Proposed Cuts Rattle CSU Officials
Lawmakers to consider $430M cut to higher ed, $85M to CSU
BY TREVOR HUGHES - The Coloradoan
April 04, 2009
CSU administrators are shocked by a proposal being considered by state lawmakers that could cut higher education funding by $430 million next year.
The cuts, endorsed by the Legislature's Joint Budget Committee and set for broader legislative debate next week, could lop $85 million off the current budget at Colorado State University. Lawmakers are struggling to close a massive budget gap caused by falling tax collections.
CSU officials had been bracing for cuts that were already likely to force furloughs and have forced layoffs at Larimer County's largest employer. The new cuts, if implemented, would be far deeper than expected.
"There's almost no way to react to it," said CSU system CFO Rich Schwiegert. "It's a lot worse than I expected. I'm a little amazed that anybody would vote for cuts this deep in higher ed."
He added: "(This) will be a very, very long conversation within our organization on to how to deal with that."
The funding cut is not set in stone. It is still a recommendation made by the Joint Budget Committee and must be formally debated by lawmakers before heading to Gov. Bill Ritter for his review. That process is expected to take several more weeks.
The JBC backs a bill to take $500 million from workers-compensation insurer Pinnacol's reserves and leave it with $198 million, or $85 million more than regulators require. That money would be funneled to higher education.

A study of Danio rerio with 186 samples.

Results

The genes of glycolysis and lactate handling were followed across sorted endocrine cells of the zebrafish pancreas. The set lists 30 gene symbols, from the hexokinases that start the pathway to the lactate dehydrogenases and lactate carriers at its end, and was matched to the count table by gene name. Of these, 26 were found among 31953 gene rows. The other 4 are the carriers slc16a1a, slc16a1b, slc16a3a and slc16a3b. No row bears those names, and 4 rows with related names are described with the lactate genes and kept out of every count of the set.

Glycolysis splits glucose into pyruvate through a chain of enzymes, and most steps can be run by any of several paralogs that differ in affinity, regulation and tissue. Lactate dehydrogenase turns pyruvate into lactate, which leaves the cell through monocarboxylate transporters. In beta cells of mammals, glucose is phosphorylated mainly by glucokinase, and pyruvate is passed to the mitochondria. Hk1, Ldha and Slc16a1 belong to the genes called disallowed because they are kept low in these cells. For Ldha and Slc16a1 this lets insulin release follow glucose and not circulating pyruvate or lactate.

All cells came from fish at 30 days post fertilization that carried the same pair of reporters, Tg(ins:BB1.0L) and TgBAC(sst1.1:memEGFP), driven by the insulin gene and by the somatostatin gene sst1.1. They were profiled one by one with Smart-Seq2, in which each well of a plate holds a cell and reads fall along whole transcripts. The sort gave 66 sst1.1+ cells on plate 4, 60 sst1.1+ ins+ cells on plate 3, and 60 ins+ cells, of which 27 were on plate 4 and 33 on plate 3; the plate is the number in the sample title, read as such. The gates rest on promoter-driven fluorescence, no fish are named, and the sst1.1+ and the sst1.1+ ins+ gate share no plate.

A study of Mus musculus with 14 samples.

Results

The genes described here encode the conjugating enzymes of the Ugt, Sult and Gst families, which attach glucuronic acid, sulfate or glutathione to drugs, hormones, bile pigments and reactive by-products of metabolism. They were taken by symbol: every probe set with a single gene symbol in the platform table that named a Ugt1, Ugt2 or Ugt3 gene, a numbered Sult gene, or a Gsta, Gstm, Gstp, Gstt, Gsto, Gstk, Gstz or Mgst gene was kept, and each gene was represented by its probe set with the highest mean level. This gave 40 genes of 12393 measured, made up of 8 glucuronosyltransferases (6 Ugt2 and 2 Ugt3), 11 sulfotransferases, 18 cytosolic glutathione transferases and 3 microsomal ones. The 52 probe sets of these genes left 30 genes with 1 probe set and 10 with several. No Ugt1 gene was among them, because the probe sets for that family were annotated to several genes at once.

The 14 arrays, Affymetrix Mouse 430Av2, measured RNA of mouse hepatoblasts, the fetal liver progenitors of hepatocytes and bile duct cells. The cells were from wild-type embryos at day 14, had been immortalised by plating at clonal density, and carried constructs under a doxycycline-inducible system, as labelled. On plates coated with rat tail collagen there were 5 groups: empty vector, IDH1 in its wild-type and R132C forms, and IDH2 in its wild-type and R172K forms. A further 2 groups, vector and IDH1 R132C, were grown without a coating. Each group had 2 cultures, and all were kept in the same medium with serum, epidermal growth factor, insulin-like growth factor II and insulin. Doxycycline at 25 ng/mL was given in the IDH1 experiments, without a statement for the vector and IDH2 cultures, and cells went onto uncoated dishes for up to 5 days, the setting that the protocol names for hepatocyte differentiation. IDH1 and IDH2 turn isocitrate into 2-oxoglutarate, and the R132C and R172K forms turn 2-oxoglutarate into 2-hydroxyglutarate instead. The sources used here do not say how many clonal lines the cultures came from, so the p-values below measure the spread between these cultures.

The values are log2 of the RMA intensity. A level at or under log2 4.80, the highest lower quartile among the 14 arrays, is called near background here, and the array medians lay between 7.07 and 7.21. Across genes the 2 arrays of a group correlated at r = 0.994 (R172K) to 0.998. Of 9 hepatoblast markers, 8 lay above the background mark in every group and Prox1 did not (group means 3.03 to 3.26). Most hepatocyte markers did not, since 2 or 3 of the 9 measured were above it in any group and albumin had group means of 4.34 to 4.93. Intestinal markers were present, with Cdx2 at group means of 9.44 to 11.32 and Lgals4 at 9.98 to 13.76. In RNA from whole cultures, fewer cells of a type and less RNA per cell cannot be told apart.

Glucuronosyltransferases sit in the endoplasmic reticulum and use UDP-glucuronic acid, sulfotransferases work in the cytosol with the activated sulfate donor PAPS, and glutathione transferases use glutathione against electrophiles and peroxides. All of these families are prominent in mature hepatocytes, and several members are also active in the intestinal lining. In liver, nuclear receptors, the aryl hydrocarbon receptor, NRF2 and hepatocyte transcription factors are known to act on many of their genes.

Lawmakers argue that since the Legislature created Pinnacol - even though it is not an arm of the government - they have the right to take money from its reserves, built up from premiums paid by businesses.
Without that money, committee members say, the state's colleges and universities will lose $300 million next fiscal year, or about half their budget. They also would lose about $130 million in federal stimulus money, raising the possibility some schools, particularly community colleges, might have to shut down or drastically downsize.
"It's devastating to community colleges," said Nancy McCallin, president of the Colorado Community College System, which serves 107,000 students at 13 colleges over 30 campuses. "People need to realize what will happen."
McCallin said the cuts would be so deep that community colleges would face raising tuition 65 to 70 percent, pricing out the students they aim to serve. She said colleges would likely have to scale back programs, especially expensive ones such as nursing or paramedic training.
Schwiegert said he expects students and administrators from the Fort Collins campus to visit with lawmakers next week to press their case for alternatives.
"Our board has not had a single conversation about what that does, what this means. We're hopeful that the elected officials are not serious about this level of base cuts to higher ed," he said. "I've never seen any like this."
CSU-Fort Collins interim President Tony Frank said he hopes and believes lawmakers will find a better solution.
"We all know there are going to have to be cuts," Frank said. "I would have hoped we could have found a more balanced way of taking the cuts across a variety of state agencies."
Frank said he believes the Legislature will ultimately reject a proposal effectively privatizing public higher education and said he hopes the severe cuts being faced by CSU will be enough to force a discussion about a steady revenue stream.
University administrators across Colorado for the past several years have been trying to build support from some sort of ballot measure that would dedicate a stream of money toward higher education, sparing it from the annual budget fights in the Legislature.